How Technology Like Vine, Twitter And A Comedian Saved My Marriage!


Early in my relationship with my husband, George, we watched a comedian. He was explaining how women talk and how men listen. He said, "Talk like your cell phone is dying." This became a near mantra to George in our early dating career. It did help me understand how to talk so he could listen.

When my Internet was inadvertently turned off three weeks prior to moving out of our home, I learned that Twitter does work. 140 characters can say something important. Tweeting: "Can you hear me now? Day 4 with no Internet," inspired customer service to respond quickly to my concerns.


4. Trending Topics. Comparing arguments that repeat to trending topics allows Russell to "identify recurring issues in our relationship and recognize patterns." With this clarity, he can take a non-emotional look at how to move forward in a new direction. 5. Hashtags. Related tweets are compiled by hashtags, which reminds Russell to "watch what I say and how I say it because it'll come up again." Keeping a record of what is important to your partner and seeing connections helps move a relationship from discord to understanding. 6. Following Each Other. Relationships are a dance. "There will be times when I'm steering the ship, and there will be times...to step back and let her lead." These six twitter tips really helped me think about how my relationship works and where it needs some 140-character therapy.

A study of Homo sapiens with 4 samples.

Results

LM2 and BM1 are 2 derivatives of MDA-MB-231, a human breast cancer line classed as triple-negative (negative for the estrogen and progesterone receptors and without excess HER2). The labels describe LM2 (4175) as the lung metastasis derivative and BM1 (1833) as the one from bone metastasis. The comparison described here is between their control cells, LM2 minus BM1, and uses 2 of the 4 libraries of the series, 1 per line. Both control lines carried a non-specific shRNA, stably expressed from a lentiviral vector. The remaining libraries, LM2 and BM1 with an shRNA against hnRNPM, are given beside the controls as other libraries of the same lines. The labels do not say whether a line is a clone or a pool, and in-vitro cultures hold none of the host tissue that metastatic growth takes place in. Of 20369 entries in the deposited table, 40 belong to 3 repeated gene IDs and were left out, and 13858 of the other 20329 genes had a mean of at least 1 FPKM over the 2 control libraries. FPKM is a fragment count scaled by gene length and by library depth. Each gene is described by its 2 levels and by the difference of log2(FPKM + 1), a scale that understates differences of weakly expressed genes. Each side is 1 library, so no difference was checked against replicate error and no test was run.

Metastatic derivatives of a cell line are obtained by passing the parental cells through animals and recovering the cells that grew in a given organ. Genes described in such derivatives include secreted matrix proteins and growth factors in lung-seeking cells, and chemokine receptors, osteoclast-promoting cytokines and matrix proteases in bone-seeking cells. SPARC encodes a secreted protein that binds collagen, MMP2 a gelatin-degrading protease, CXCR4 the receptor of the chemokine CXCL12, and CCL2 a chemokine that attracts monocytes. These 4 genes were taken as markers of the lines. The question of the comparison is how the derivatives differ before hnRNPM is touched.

Technology like Vine, cellphones and Twitter allow us to communicate quicker but not necessarily with clarity. Using them well requires understanding your audience and that they discover your true meaning. My dad always told me about a sketch comedy where a blind man was screaming at a deaf man holding a sign. Sometimes communicating feels like I am participating in this without realizing it. Having these tools does not mean we use them well but with the help of a comedian, a book and a sense of humor I am making progress.

About the Author: Lisa Niver Rajna is co-author of Traveling in Sin and co-founder of We Said Go Travel. She has been on the road with her husband, George, since July 2012 and they are still communicating!